Don’t slam dams
After reading Roger Wheeler’s OpEd in the Jan. 9 Bangor Daily News entitled “Dams killing Gulf of Maine fishery,” I find it necessary to comment.
His contention that silica is required for the healthy growth of marine life may be correct but the headline and statements that dams, particularly hydroelectric dams, are killing Gulf of Maine fisheries is completely baseless.
For starters, dams do not hold back silica from entering our waterways and oceans. Silica is the most abundant compound in the earth’s crust, making up some 60 percent of its composition. Silica can be found everywhere and is readily transported to our waterways by rainfall and runoff.
Additionally, Wheeler makes the point several times that silicate is dissolved in water, further stating that “number of diatoms have been reduced as more and more reservoir dams have been discharging silica-depleted water into ocean currents.” If silica is dissolved in water, as Wheeler expounds, then every drop of water that flows from dams will contain silica.
Wheeler seems to believe that hydro dams in particular are the culprit, because of their prevalence. Hydropower is environmentally friendly, employing natural reusable resources, and is a cost effective producer of energy, providing more than 40 percent of renewable energy in this country and 16 percent of total energy produced globally.
Credible information provided by current research and science conclude that rising gulf water temperatures are the major cause of the destruction and changes in our marine resources.
Reasons to investigate Trump
It makes some sense that the FBI might have investigated to see if President Donald Trump was working on behalf of Russia. All you have to do is review in your mind what Trump has done so far in his presidency:
Resist attempts to discover economic, financial and political links between the president, his administration and Russian officials and interests; create conflict and tension between members of NATO, the primary military deterrent to Russian aggression; praise Vladimir Putin while criticizing the leaders of democracies in Europe; destabilize the democracies of Europe by encouraging polarization; destabilize the U.S. by encouraging racial, immigration and political polarization; foster a U.S. administration that is overtly racial, pugnacious, isolationist and out of step with both the world’s need to address migration patterns in a humane way and the threats posed by climate change — thereby seriously eroding American credibility and international standing; fail to support Western reactions to assassinations by covert agents, Russian or Saudi; look for opportunities to undermine long-term U.S. foreign policies and sow uncertainty about American reliability and values in the Middle East and elsewhere; and create serious economic conflict between the U.S. and our trading partners.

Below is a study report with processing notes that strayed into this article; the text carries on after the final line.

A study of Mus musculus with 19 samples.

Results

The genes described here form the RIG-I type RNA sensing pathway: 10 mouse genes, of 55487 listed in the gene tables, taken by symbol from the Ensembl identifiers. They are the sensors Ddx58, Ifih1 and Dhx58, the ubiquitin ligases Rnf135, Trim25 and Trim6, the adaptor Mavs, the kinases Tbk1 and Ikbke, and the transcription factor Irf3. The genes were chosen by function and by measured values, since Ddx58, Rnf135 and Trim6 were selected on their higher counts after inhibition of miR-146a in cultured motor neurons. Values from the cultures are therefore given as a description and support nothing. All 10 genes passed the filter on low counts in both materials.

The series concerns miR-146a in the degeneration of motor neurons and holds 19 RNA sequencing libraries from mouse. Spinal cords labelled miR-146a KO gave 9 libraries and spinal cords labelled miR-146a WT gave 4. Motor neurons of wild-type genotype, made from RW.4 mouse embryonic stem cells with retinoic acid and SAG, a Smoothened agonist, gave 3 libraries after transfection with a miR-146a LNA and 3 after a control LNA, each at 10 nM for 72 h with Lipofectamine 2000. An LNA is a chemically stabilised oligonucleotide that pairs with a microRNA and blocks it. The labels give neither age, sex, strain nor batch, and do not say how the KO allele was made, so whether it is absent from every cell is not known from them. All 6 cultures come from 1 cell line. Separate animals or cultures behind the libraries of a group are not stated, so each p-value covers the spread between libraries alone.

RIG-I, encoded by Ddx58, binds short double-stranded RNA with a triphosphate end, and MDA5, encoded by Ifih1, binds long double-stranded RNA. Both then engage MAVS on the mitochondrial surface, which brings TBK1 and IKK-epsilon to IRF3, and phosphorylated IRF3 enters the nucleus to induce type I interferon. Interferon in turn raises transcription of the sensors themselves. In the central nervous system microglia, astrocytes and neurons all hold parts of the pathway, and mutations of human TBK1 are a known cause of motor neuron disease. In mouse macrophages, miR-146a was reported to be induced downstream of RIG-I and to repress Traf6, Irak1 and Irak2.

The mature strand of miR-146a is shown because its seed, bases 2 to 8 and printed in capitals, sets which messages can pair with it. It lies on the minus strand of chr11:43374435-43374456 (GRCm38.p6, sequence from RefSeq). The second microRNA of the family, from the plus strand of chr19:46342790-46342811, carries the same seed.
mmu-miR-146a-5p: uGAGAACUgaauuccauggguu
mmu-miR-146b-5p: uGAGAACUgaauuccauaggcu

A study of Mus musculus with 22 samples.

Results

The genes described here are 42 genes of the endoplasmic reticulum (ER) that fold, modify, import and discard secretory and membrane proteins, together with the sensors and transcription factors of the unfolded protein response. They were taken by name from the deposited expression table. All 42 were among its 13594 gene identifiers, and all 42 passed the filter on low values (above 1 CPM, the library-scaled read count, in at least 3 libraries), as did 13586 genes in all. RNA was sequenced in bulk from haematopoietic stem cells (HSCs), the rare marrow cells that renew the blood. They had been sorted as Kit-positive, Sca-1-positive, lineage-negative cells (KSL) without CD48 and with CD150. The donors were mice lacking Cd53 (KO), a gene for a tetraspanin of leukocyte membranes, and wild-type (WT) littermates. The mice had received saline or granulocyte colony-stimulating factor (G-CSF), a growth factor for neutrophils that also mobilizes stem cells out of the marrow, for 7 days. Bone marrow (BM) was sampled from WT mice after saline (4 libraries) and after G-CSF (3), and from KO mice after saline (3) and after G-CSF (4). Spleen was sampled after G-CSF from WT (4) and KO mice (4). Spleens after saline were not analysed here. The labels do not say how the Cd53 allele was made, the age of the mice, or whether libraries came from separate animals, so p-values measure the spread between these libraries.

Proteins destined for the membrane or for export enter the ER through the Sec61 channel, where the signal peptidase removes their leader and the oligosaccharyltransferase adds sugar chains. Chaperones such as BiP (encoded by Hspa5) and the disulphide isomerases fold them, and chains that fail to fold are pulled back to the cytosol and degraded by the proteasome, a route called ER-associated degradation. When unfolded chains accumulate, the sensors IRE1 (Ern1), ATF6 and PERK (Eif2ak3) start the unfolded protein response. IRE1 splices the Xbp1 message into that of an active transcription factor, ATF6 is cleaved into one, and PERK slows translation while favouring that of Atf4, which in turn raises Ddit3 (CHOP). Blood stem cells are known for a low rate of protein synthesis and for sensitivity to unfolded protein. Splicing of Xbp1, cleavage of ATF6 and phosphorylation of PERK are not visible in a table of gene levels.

Consider wildlife in LMF bond proposal
A $75 million bond package for the Land for Maine’s Future program and state-owned parks is being proposed.
Past LMF bonds have required that “hunting, fishing, trapping and public access may not be prohibited on conservation and recreation lands acquired with bond proceeds, except to the extent of applicable state, local and federal laws and regulations.”
Though hunters, by some estimates, constitute about 13 percent of the state’s population, they have plenty of other options, including more than a half-million acres of reserved land, and a great deal of private land as well.
Trappers capture animals that are then held fast, often struggling and in pain, until the trapper arrives and shoots the animal or clubs it to death as suggested by the Trapper Education Manual (2005) published by the International Association of Fish and Wildlife Agencies. In most other contexts, this kind of cruelty would be animal abuse, but it’s perfectly legal in Maine.
We should ask why LMF money comes with strings attached that are not widely publicized or reported. Why allow hunting and trapping in a trust when there’s plenty of opportunities else
where? And if we are going to preserve a parcel of land, why doesn’t that include the animals that live on it?